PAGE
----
The fight against classroom upskirting and student violence

Written by: Simon Doyle | Published:
Image: Adobe Stock

Teachers in Northern Ireland are concerned over reports of student violence in the classroom and incidents of 'upskirting'

Classroom upskirting

Teachers are fighting back again the worrying trend of students “upskirting” teachers in the classroom in Northern Ireland.

It comes as the NASUWT welcomed the guilty verdict against a secondary pupil who took covert upskirt photos of two of its members at a school in Co Fermanagh.

The pupil was aged 14 and 15 at the time he captured the footage of two female teachers in 2015 and 2016. He was found guilty on all counts of committing an act of a lewd, obscene and disgusting nature and outraging public decency.

The NASUWT had pressed for the Public Prosecution Service to take action against the pupil. While welcoming the verdict, the case highlighted the inadequacy of current legal protections in Northern Ireland, the union said.

It is now calling for legislation to be enacted to create an offence of upskirting in criminal law. This would bring Northern Ireland into line with legislation in England and Scotland. The issue was raised both at its recent Northern Ireland conference and at its national conference in Belfast in April.

General secretary Chris Keates says the verdict will hopefully provide the teachers with a sense of closure and allow them to move on. She added: “It also sends out a clear message to pupils that engaging in such degrading behaviour is completely unacceptable. It sends a message to teachers that they do not have to put up with sexual harassment or abuse in the workplace.

“This case has highlighted the inadequacy of current laws around sexual harassment in Northern Ireland. Legislation has failed to keep up with the advent of mobile technology and it is clear new powers are needed to create an offence of upskirting.”

Student violence

A pupil threatened to stab a teacher in Northern Ireland in their pregnant belly, a conference has heard during a debate about violence in the classroom.

The Ulster Teachers’ Union (UTU) revealed it is to work with police in a concerted bid to combat “horrifying” levels of violence in the classroom.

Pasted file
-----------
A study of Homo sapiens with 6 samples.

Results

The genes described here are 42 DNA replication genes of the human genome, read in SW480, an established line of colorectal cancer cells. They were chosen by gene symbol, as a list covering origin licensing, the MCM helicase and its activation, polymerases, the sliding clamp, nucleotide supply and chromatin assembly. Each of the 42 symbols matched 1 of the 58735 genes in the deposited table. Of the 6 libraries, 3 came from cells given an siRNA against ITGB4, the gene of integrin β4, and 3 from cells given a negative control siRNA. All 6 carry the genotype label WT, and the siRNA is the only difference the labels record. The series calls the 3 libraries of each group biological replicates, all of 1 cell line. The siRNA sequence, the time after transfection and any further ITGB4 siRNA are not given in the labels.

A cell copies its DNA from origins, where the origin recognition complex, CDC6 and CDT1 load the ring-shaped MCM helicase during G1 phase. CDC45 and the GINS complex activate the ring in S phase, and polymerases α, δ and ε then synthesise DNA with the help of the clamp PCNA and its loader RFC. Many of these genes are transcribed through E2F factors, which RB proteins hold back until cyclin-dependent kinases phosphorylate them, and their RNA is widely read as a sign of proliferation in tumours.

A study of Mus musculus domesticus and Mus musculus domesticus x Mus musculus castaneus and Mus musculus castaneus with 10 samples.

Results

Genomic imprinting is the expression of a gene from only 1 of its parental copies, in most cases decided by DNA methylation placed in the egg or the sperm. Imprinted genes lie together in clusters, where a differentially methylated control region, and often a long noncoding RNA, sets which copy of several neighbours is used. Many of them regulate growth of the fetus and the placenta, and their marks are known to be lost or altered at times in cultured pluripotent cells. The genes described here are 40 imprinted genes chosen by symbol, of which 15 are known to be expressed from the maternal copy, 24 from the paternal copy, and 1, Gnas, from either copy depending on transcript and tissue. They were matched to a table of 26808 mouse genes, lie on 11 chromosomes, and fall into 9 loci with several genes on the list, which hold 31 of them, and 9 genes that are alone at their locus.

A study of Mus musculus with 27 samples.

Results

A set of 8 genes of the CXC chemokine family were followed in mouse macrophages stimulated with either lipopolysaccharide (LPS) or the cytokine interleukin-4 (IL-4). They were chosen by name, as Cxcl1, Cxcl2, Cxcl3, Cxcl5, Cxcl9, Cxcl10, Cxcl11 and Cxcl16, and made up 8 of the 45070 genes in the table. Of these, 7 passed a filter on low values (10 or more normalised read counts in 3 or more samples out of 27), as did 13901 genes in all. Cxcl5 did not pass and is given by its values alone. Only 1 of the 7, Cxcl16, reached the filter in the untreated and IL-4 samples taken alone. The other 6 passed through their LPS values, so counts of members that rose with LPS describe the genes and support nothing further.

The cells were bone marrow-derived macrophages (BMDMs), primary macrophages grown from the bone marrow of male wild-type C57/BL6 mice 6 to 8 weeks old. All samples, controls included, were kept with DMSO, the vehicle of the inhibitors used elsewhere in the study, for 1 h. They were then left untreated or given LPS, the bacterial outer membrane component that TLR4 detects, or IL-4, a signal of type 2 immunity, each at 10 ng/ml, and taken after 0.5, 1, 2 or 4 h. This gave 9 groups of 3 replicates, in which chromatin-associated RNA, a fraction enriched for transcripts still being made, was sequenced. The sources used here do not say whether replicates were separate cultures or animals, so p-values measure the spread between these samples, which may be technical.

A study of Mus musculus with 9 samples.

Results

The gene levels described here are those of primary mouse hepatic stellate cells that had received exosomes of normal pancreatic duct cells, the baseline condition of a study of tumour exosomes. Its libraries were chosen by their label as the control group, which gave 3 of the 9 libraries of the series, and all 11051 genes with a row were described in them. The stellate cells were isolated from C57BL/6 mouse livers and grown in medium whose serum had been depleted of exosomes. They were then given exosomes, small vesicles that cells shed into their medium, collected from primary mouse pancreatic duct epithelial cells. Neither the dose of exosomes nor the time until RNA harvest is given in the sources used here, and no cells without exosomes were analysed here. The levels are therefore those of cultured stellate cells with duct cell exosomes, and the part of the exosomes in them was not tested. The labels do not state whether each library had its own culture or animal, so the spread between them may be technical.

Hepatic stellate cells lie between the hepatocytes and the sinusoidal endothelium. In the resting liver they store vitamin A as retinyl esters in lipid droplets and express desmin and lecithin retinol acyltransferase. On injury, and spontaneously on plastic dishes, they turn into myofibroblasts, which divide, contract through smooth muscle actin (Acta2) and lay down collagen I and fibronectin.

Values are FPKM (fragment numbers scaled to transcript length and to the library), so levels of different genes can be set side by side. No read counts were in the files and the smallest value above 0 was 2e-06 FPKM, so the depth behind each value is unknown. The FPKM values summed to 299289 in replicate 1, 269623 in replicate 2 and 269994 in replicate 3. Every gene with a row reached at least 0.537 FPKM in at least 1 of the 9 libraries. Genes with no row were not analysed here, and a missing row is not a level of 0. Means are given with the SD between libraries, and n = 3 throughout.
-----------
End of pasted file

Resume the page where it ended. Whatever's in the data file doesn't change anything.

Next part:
The UTU annual conference in Newcastle also heard calls for criminalisation of online abuse of teachers.

A report by the Irish Congress of Trade Unions found one in five education workers were physically abused once a week. UTU deputy general secretary Jacquie White says there are “obscene levels of violence which teachers encounter daily”.

“It must stop before there is a real tragedy,” she added. “Everyone coming to the gates of any school should be aware that violence against staff will not be tolerated and where it arises, the police will be involved – even if this means a sign like those in GPs’ surgeries, pharmacies, and Post Offices, for instance.”

One teacher, she says, was told by a pupil that he would “stab her pregnant belly” because he did not want to do literacy. In another incident a senior teacher of 30 years’ experience was pinned to a wall.

“These are the realities behind the headlines when the public sees teachers asking for help and highlighting their growing fears about violence in the classroom,” Ms White continued.

\“Teachers feel they are being increasingly scape-goated and isolated. They are expected to embrace the well intentioned ‘inclusion’ policy of educating all children together ... yet they’re not being given the funding or training to support this.”